JoC #25: Dealing with errors

      We learn wisdom from failure much more than from success. We often discover
      what will do, by finding out what will not do; and probably he who never made a
      mistake never made a discovery.
            — Samuel Smiles

We’re talking about errors today. I’m sure you all have – like me – got your fair share of errors when you were programming. I’ll talk a bit about how to go about investigating what went wrong when you get an error.

In doing this, we’re discussing the important distinction of synax errors and semantic errors, and we’re learning to deal with both. This includes reading stack traces.


JoC #24: Smoke and mirrors

      The ideals which have lighted me on my way and time after time given me new 
      courage to face life cheerfully, have been Truth, Goodness, and Beauty. . . . The 
      ordinary objects of human endeavour — property, outward success, luxury — have
      always seemed to me contemptible.
            — Albert Einstein

One more quick one about image effects: a smoke effect to be precise. I’ll show you how to create this really cool effect just with what you know already. Hopefully, this will give you some ideas of more cool effects that you can do on your own.


Download: The project can be downloaded from the Greenfoot book website.


JoC #23: Animating the image

      A positive attitude may not solve all your problems,
      but it will annoy enough people to make it worth the effort.
            — attributed to Herman Oliver Albright

A last little bit before we leave our coloured circles behind: an animation. In this case, it’s a very simple one: fading out the circles. But it shows an important technique: The appearance of an actor can change all the time, if we want to. This is the basis for many visual effects.

And, we finally see an if-statement with an else clause! I can’t believe that it took this long for this to pop up.


JoC, Teacher Commentary 22: Tracing control flow

      Mathematicians are like Frenchmen: whatever you say to them they translate
      into their own language and forthwith it is something entirely different.
            — Goethe, Maximen und Reflexionen

Tracing control flow (either through control structures, such as if-statements or loops) or through method calls, is hard for beginners.

This episode shows you how to use the debugger to make this clearer.


JoC #22: Refactoring for good style

      We are accustomed to see men deride what they do not understand, and snarl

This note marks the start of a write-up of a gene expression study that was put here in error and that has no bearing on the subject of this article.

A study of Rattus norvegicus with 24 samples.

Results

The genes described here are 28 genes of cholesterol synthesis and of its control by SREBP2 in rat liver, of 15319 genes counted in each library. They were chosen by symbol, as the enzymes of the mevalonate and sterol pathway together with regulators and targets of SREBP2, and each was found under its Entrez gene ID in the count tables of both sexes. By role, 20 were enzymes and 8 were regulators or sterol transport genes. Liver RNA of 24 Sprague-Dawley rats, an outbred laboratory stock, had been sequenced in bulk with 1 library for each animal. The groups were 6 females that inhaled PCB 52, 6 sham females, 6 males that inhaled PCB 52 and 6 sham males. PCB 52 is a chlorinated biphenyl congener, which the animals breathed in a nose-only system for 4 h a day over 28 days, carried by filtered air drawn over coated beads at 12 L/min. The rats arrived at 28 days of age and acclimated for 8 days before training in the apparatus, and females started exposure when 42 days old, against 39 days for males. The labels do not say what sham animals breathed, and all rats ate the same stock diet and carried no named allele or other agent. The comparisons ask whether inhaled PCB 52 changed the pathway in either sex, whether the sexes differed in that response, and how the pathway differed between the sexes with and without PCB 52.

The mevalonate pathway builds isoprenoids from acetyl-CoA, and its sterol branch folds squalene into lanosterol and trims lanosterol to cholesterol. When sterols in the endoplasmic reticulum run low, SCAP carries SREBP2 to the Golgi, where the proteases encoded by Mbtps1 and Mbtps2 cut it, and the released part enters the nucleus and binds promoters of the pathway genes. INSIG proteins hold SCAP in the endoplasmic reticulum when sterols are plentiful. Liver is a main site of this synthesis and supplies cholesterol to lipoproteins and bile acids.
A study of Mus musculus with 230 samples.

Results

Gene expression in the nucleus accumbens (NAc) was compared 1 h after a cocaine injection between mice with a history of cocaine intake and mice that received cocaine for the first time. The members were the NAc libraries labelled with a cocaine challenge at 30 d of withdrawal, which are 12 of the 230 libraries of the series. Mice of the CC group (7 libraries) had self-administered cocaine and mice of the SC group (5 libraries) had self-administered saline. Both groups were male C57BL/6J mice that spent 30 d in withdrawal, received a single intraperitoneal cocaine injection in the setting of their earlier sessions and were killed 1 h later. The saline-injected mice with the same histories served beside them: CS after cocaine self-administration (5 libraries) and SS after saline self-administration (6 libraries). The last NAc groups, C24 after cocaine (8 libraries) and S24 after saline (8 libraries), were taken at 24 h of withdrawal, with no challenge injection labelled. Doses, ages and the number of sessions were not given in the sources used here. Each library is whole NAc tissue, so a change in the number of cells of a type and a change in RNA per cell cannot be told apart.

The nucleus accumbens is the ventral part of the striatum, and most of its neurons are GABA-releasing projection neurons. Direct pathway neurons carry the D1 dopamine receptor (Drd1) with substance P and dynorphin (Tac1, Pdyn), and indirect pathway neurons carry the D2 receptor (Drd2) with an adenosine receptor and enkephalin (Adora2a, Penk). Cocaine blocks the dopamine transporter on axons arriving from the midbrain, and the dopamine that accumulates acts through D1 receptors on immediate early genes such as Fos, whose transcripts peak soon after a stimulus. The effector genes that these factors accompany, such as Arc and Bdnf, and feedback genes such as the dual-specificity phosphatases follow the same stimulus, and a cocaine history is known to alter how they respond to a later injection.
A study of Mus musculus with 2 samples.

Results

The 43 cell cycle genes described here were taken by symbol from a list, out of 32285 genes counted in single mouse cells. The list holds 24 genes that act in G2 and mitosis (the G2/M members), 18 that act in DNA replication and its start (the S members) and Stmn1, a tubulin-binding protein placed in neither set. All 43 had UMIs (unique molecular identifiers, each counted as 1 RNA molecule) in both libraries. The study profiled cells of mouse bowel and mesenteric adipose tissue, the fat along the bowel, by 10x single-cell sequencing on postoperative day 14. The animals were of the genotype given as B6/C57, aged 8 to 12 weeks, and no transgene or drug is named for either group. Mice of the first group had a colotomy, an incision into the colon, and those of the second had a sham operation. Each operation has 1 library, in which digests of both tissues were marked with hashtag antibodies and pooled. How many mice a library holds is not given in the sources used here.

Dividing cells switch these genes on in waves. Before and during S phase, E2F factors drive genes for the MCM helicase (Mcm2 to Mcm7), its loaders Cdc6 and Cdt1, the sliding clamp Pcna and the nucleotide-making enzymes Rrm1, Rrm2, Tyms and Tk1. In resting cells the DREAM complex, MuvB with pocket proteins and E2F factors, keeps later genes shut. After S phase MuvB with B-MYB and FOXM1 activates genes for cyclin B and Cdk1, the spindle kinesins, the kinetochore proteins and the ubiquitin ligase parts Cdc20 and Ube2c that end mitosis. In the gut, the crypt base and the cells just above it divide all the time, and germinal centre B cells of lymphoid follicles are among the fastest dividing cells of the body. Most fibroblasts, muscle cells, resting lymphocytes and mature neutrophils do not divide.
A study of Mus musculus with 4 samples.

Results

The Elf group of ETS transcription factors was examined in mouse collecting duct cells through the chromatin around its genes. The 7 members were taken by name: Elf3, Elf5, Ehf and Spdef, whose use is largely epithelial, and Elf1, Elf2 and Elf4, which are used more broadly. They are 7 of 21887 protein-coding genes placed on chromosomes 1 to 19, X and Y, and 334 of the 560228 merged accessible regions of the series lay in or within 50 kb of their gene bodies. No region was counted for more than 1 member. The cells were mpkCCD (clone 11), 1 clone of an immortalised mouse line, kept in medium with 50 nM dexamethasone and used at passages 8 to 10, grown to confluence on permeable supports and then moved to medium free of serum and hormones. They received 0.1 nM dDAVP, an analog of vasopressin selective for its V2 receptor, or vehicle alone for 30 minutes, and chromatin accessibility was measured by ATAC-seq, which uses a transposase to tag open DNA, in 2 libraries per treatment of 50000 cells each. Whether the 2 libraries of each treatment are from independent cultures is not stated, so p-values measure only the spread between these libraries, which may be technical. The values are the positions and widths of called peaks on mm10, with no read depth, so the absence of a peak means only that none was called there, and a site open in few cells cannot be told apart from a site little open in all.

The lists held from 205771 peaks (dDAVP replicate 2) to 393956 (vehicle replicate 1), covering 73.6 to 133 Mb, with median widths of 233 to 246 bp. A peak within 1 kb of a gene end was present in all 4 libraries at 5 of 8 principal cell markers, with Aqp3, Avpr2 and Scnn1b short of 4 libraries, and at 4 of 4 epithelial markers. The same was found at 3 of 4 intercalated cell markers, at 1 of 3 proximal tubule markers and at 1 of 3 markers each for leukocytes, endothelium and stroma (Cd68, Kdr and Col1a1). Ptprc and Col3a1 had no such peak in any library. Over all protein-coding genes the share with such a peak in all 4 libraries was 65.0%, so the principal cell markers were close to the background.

at the good and beautiful because it lies beyond their sympathies.
            — Goethe

Okay, time to get a little more professional again: Let’s clean up our code a little.

Writing in good style is really important, so today I’ll show you a bit about refactoring. Especially, we want to create short, clear methods. (The technical term for it is cohesion – we want highly cohesive methods.)


JoC #21: Image manipulation – take two

      For every action, there is an equal and opposite criticism.
             — Steven Wright

We’re getting a bit further into image manipulation. I’ll show you how an actor can change appearance by dynamically changing its image while the program is running.



JoC #20: Image manipulation – first contact

      What is important in life is life, and not the result of life.
            — Goethe

Today, we’re starting to look a little more at images. We’re starting with something quite easy: manipulating (programmatically) the world background. But this introduces important concepts which we will use shortly to do much more with images.

Also, this is another nice example of object interaction (as we know by now: one of the most important concepts in object -oriented programming). In this case, the world object interacts with an image object.


JoC #19: Class methods vs instance methods

      If can keep your head when all about you are losing theirs it’s just possible
      you haven’t grasped the situation.
            — Jean Kerr

Today, we’ve got some background stuff to discuss. Not much happening in terms of new functionality to our project, but important (and, no doubt, incredibly interesting) conceptual information.

Why is there sometimes a classname before a method call and sometimes a variable?

I’m sure all of us have had sleepless nights where we’ve been lying awake pondering this question. Today, it shall be answered!


I really want you not only to copy what I’m showing you, but become able to invent and create your own programs. For this, it’s important to get the concepts.

So, hit start, sit back for a few minutes, and learn something!

Concepts discussed: internal method calls, external method calls, static methods, instance methods 

JoC #18: Bouncy balls with mouse input

    If you have passion and focus, you can achieve things that amaze yourself.

And we’re back! I hope you used your couple of weeks space between Joy of Code episodes to catch up and get a bit of practice with Greenfoot — and now we’re off again.

This time, we’re talking about dealing with mouse input. Very important for many games and other interactive programs.


A quick update

I know that some of you are waiting for the next Joy of Code episode. We are a having a little pause.

Just a quick note to reassure you: I have not stopped — there is more to come!

I am at a conference in the US (SIGCSE, in case you’re interested), and I have been travelling for over a week now. I will be on the road a little longer.

But the Joy of Code will continue when I’m back, in a week or so. Until then: Play with Greenfoot! Program! Enjoy!